Twenty-three-year-old dancer Rudolf Nureyev was just becoming a household name in Russia when he became a Cold War sensation by defecting to the West. Movie critic Bob Mondello says that incident which took place in a Paris airport in 1961 is the centerpiece of a new Nureyev biopic called The White Crow.

BOB MONDELLO, BYLINE: Charismatic, yes - brilliant, sure, but a team player the film's Rudolf Nureyev is not. At a glittering-but-tense welcoming reception in Paris, Soviet dancers stand apart, peering warily at their French hosts. Nureyev, ignoring the glares of his KGB handlers, crosses the room.


OLEG IVENKO: (As Rudolf Nureyev) I know who you are. You're Pierre Lacotte. And you're Claire Motte. I see you in dance magazines.

RAPHAEL PERSONNAZ: (As Pierre Lacotte) We were wondering if you were allowed to speak to us.

IVENKO: (As Rudolf Nureyev) I decided to build the bridge - Rudolf Nureyev.

CALYPSO VALOIS: (As Claire Motte) Did you dance tonight?

IVENKO: (As Rudolf Nureyev) If I had danced, you would remember.

MONDELLO: All right then - not a blushing flower. His brazen overtures earn him admiring press and, once he's triumphed onstage, invitations to dinner and nightclubs which his handlers reluctantly allow as long as he has chaperones.


IVENKO: (As Rudolf Nureyev) We're told not to speak to foreigners, especially not foreign dancers - not to go out with them, not to eat with them. Stay together - socialists only.

UNIDENTIFIED ACTOR #1: (As character) Aren't you frightened?

IVENKO: (As Rudolf Nureyev) What can they do? Can't stop me in the street, can't arrest me.

UNIDENTIFIED ACTOR #1: (As character) No, but when you get back home, can they make your life difficult?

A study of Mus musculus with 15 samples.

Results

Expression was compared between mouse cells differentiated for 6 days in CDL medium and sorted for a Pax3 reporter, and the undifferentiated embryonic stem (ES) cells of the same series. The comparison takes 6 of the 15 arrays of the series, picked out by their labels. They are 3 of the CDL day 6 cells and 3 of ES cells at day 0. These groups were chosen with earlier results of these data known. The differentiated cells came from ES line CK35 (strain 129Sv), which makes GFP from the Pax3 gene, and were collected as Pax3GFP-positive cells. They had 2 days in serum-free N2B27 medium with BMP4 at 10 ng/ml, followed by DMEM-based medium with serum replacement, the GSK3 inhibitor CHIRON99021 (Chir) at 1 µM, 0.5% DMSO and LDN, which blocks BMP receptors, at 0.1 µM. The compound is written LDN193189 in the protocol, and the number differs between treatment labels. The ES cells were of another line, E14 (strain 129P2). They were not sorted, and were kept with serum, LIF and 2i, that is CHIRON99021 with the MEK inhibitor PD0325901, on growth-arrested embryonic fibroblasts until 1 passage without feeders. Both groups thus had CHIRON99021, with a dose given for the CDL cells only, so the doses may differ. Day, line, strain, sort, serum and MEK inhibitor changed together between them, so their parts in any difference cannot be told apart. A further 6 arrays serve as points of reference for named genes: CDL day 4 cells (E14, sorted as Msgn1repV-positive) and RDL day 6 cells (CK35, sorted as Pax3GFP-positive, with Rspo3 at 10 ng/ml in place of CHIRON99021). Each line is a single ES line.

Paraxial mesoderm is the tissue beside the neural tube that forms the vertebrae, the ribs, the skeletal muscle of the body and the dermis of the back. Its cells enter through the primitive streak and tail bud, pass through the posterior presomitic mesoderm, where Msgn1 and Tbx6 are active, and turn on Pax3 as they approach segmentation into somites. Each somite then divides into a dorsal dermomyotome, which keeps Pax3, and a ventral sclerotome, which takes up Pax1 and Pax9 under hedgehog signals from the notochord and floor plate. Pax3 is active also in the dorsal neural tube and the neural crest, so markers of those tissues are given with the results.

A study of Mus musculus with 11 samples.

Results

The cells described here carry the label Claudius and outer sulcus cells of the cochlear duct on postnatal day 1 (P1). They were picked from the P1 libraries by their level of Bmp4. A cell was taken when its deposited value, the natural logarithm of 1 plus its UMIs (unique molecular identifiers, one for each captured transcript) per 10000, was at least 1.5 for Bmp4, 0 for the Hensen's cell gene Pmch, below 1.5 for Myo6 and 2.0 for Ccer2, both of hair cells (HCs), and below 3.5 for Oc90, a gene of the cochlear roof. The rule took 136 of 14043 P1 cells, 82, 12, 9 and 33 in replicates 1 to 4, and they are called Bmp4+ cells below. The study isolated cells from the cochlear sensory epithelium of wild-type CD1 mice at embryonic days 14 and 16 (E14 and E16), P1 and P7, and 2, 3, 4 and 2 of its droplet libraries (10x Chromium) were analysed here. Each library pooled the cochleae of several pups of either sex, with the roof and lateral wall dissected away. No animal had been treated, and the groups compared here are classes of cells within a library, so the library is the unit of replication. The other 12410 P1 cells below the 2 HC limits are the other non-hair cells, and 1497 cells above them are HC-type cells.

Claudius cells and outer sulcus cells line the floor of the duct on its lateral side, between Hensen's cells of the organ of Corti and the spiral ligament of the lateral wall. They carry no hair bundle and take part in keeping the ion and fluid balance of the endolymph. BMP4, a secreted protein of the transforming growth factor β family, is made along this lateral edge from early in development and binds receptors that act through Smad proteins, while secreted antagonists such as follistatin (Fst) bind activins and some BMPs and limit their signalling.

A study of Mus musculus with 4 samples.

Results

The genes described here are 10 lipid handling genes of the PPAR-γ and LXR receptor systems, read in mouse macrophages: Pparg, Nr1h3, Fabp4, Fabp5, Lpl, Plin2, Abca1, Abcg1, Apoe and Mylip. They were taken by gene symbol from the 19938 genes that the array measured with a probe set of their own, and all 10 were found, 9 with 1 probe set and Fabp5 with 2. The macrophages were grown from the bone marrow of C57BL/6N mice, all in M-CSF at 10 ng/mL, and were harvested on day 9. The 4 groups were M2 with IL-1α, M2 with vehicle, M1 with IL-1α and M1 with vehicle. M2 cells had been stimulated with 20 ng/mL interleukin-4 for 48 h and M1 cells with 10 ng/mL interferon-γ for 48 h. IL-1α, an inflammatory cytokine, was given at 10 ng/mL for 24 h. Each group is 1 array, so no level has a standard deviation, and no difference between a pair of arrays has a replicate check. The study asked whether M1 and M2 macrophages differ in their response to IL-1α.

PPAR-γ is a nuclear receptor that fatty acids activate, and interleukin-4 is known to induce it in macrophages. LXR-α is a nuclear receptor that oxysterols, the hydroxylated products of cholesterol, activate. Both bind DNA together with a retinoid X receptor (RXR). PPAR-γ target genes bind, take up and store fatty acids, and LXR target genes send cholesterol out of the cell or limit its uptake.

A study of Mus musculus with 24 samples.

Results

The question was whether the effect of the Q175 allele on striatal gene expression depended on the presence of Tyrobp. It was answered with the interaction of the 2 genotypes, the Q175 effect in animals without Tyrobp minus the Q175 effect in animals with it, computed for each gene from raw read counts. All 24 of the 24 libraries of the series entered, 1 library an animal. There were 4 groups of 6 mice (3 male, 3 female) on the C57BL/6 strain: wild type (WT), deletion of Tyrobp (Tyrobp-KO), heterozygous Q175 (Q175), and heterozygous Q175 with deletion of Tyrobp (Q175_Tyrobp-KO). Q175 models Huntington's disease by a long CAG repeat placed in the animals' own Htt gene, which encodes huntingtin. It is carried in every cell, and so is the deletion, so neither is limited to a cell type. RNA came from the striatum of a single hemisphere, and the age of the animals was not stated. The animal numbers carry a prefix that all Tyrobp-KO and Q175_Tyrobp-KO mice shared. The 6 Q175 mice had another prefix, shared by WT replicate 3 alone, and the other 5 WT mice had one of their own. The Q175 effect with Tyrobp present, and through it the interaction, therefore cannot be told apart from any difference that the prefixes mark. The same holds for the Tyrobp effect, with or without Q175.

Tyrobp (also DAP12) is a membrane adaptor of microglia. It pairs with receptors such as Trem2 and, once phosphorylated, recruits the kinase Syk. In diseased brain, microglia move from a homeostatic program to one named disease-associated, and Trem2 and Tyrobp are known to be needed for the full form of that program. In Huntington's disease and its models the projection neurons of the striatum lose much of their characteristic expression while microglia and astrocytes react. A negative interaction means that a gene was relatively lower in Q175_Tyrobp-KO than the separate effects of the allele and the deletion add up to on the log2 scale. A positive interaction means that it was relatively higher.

MONDELLO: That life back home is something the film shows us in flashbacks and in Russian with subtitles, flashbacks to a childhood rendered in black and white and to a teenage Rudy struggling to catch up with his peers. He didn't get into a major ballet school until he was 17 and then drove himself so hard that his instructor's wife started bringing him soup to keep up his strength. After an injury, she and her husband, who's played gently and in Russian by the film's director, Ralph Fiennes, take young Rudy into their one-room apartment. And from there, things get emotionally and physically complicated, as one of Nureyev's male lovers notes.


UNIDENTIFIED ACTOR #2: (As character) You like living with her. Suits you, does it? (Speaking Russian). Friends talk about things.

IVENKO: (As Rudolf Nureyev) I don't want to be friends.

MONDELLO: Nureyev is played by Oleg Ivenko, a Ukrainian dancer making his acting debut here and a credible one. His strength, though, and the reason Fiennes cast him is the film's dance sequences where when he's not whirling dervishlike, he seems at times to simply hang in the air. He makes Nureyev's arrogance understandable even as it annoys his handlers and leads to the airport confrontation the film has always been building to when the KGB tells Nureyev he's not going to London with the rest of the company but back to Moscow.


IVENKO: (As Rudolf Nureyev) They're trying to kidnap me.

MONDELLO: Panicked, he begs his new French friends to stay with him, and one of them alerts the airport police. The rest, as they say, is history.


IVENKO: (As Rudolf Nureyev) My name is Rudolf Nureyev. I want to stay in your country.

UNIDENTIFIED ACTOR #3: (As character) No.

IVENKO: (As Rudolf Nureyev) I want political asylum.

MONDELLO: The film's structure is unnecessarily complicated and may leave audiences confused about what's going on in the head of its impetuous young hero, but "White Crow" is smart about explaining Nureyev's place in the art form he championed. In an era when choreographers tended to treat male dancers as heroic statues who lifted the ballerinas who got the applause, this insolent 23-year-old insisted on holding the audience's gaze himself. And for a brief moment, for reasons both on point and politically pointed, the whole world watched. I'm Bob Mondello. Transcript provided by NPR, Copyright NPR.

Bob Mondello, who jokes that he was a jinx at the beginning of his critical career — hired to write for every small paper that ever folded in Washington, just as it was about to collapse — saw that jinx broken in 1984 when he came to NPR.